There are approximately 45 different species of termites in the U.S. These termites fall into three main categories: subterranean, drywood and dampwood. The unique traits of each species determine where they live, what type of nest they build, and the likelihood that they will come in contact with humans, causing damage to our homes.
Subterranean termites are common across the country, appearing in all states but Alaska. They make large nests in the soil; from which they extract the moisture they need to survive. They are able to travel considerable distances, utilizing the mud tunnels that they construct to arrive at their food source. They cause the majority of the termite damage in the country, and colony sizes are known to reach 1-2 million insects.
Formosan subterranean termites are a particularly difficult adversary, as their colonies are typically larger that those of the native subterranean termite, resulting in more rapid destruction of lumber. They are also more adaptive and will often build additional nests inside of a structure, whenever an adequate moisture source is available.
Drywood termites are typically found living inside of the wood they infest. They have no contact with the soil, as they extract their moisture from the wood that they consume. Wood used in construction can have an average moisture content of 15-20%, which is more than enough to support a colony of drywood termites. While their colony size (typically less than 5000 insects) is smaller than subterranean termites, the fact that they do not build tell-tale mud tunnels means that they are often more difficult to detect. This often allows them to cause more damage before they are discovered in a home.
Dampwood termites also live inside the wood that they infest, but are typically not found inside of structures, as they require a higher moisture content for their survival. They normally feed on wood that is decaying due to moisture damage, such as fallen trees, stumps or decaying branches. They will also attack lumber that is in constant contact with moisture, so houses with a consistent moisture problem, such as an ongoing leak, may be susceptible to damage. Unlike subterraneans and drywoods, dampwood termites do not have a central colony but exist in small foraging groups, moving as needed to find a suitable food source.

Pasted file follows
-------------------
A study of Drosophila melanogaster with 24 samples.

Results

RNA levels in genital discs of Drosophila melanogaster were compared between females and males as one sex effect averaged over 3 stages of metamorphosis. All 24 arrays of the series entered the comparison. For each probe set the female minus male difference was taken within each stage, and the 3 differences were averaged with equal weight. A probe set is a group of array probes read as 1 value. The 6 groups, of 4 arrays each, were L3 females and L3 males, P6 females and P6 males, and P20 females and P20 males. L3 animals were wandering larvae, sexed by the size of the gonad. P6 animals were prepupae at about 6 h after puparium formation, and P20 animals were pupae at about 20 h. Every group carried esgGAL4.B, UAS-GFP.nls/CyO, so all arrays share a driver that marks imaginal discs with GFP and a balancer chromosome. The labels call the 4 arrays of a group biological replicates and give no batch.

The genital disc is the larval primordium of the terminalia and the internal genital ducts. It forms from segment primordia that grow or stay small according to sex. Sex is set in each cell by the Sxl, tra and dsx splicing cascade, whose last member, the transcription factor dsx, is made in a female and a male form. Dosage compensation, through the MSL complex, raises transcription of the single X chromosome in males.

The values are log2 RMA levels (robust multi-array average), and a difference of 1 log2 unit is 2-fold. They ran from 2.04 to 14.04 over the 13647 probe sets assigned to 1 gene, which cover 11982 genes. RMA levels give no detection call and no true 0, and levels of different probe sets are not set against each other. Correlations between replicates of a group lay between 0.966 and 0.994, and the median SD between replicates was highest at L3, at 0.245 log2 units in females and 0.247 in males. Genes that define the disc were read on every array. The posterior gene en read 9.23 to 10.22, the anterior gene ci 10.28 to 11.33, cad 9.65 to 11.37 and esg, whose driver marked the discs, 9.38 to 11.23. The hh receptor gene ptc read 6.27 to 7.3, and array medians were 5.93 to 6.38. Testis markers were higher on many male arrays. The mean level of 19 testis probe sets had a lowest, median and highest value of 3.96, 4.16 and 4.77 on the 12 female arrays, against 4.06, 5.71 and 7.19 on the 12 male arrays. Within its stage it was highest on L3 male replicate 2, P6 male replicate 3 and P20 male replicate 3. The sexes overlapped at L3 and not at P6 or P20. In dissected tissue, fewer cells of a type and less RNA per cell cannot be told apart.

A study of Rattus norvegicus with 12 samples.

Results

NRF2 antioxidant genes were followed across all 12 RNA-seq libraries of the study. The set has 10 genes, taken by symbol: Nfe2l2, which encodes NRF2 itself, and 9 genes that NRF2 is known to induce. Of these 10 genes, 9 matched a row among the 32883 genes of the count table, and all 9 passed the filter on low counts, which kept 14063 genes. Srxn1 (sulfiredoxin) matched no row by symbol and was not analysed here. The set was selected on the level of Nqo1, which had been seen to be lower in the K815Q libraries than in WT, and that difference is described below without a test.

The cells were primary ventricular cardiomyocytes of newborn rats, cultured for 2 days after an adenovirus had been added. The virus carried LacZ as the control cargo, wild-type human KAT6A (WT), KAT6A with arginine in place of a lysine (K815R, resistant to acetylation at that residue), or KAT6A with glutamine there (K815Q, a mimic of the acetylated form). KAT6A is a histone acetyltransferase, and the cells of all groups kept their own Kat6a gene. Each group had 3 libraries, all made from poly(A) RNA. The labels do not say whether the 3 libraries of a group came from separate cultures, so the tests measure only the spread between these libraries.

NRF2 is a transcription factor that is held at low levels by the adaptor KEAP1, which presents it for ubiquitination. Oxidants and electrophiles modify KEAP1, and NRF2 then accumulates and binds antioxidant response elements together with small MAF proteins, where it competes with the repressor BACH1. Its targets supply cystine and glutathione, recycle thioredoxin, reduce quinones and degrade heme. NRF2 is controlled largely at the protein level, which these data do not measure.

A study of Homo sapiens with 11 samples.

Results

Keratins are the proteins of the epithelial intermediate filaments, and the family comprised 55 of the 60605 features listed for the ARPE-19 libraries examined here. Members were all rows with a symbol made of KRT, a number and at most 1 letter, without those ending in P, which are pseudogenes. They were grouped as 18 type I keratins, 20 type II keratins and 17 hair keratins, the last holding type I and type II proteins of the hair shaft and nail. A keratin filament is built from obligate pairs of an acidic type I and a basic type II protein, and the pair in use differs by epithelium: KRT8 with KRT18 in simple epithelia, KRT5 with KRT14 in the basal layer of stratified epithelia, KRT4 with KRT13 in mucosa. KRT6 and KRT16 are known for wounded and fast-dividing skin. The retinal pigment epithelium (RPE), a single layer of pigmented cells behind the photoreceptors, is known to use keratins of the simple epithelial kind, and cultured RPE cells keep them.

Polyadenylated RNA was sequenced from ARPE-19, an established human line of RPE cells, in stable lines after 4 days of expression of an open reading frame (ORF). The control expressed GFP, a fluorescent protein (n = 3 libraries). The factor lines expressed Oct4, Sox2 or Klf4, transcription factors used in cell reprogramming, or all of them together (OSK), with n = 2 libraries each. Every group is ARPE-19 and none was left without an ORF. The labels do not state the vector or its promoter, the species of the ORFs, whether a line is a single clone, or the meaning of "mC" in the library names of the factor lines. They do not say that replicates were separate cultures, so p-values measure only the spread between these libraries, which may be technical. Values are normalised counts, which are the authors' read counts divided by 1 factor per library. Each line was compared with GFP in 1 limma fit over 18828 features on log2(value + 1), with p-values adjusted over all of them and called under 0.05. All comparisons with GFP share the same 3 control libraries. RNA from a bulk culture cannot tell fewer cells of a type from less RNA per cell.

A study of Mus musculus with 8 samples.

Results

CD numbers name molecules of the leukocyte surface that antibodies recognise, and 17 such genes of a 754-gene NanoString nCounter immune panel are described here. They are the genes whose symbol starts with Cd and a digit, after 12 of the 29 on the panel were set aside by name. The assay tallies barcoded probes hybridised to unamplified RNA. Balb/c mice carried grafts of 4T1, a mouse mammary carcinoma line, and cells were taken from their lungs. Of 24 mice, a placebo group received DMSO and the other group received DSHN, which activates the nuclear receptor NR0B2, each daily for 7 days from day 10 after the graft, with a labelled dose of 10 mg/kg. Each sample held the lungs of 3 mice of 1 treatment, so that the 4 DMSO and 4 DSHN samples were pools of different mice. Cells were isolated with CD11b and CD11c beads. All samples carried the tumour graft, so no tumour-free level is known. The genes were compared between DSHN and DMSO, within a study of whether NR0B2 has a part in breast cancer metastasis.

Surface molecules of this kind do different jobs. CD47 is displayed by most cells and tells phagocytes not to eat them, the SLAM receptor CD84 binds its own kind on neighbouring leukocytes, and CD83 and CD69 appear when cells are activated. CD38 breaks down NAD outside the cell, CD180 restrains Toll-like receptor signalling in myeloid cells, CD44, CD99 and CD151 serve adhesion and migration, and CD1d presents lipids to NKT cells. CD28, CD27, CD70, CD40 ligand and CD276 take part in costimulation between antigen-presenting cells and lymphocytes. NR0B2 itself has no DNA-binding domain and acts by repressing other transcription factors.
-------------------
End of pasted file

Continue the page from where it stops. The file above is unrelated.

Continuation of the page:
Most species of termites exist within a caste system, where each caste (worker, soldier or reproductive) has a specific function to perform for the colony to function. As the colony grows, some reproductive termites will fly away from the colony, in a process termed swarming. All termites proliferate by swarming, as maturing termites grow wings and fly away from their colony, in an attempt to find a mate and start a new colony.
Several species of wood-boring beetles exist, with different species found in various locations across the country. These beetles are not colony insects, but rather solitary creatures. A female beetle lays her eggs onto a piece of wood, and the newly hatched insects transform through their different life cycles (known as metamorphosis), eating the wood as they mature. They are typically identified by the small holes that they make when breaking through the surface of the wood as they exit. Their excrement, known as frass, is used to identify the species of beetle. If wood is known to have an active infestation of beetles, this frass will typically be seen streaming from their emergence holes.
Carpenter ants and carpenter bees are also considered to be wood destroying insects, but unlike termites and wood-boring beetles, they do not consume the wood that they destroy. These insects dig out a portion of the wood that they infest in order to construct nesting areas in which to lay their eggs. Even though they do not eat the wood, their activity can also cause considerable damage to wooden members of a structure, and larger infestations may require chemical treatment to gain control.
It’s important to realize that home inspectors hold a different license than pest control operators. As such, home inspectors in most states are not allowed to make specific comments regarding wood-destroying insects in their home inspection report. As a result, the following is an example of the type of language that would be used in a home inspection report to alert you of the fact that the home inspector suspects that you may have (or have had at some time in the past) a wood-destroying insect problem with your home:
Evidence of possible pest activity/damage was noted during the inspection. Recommend verifying history of damage and treatment with sellers, and contacting a licensed contractor regarding any needed repairs. Recommend contacting a qualified licensed pest control operator for further investigation and/or treatment options.
Please note that any information related to this item is being included as a courtesy to our clients. This item is outside the scope of a standard home inspection. No inspection of this item is included in a standard home inspection. If this item is a concern for the client or anyone else involved in the transaction, further evaluation by a qualified licensed contractor is recommended prior to the end of the inspection period.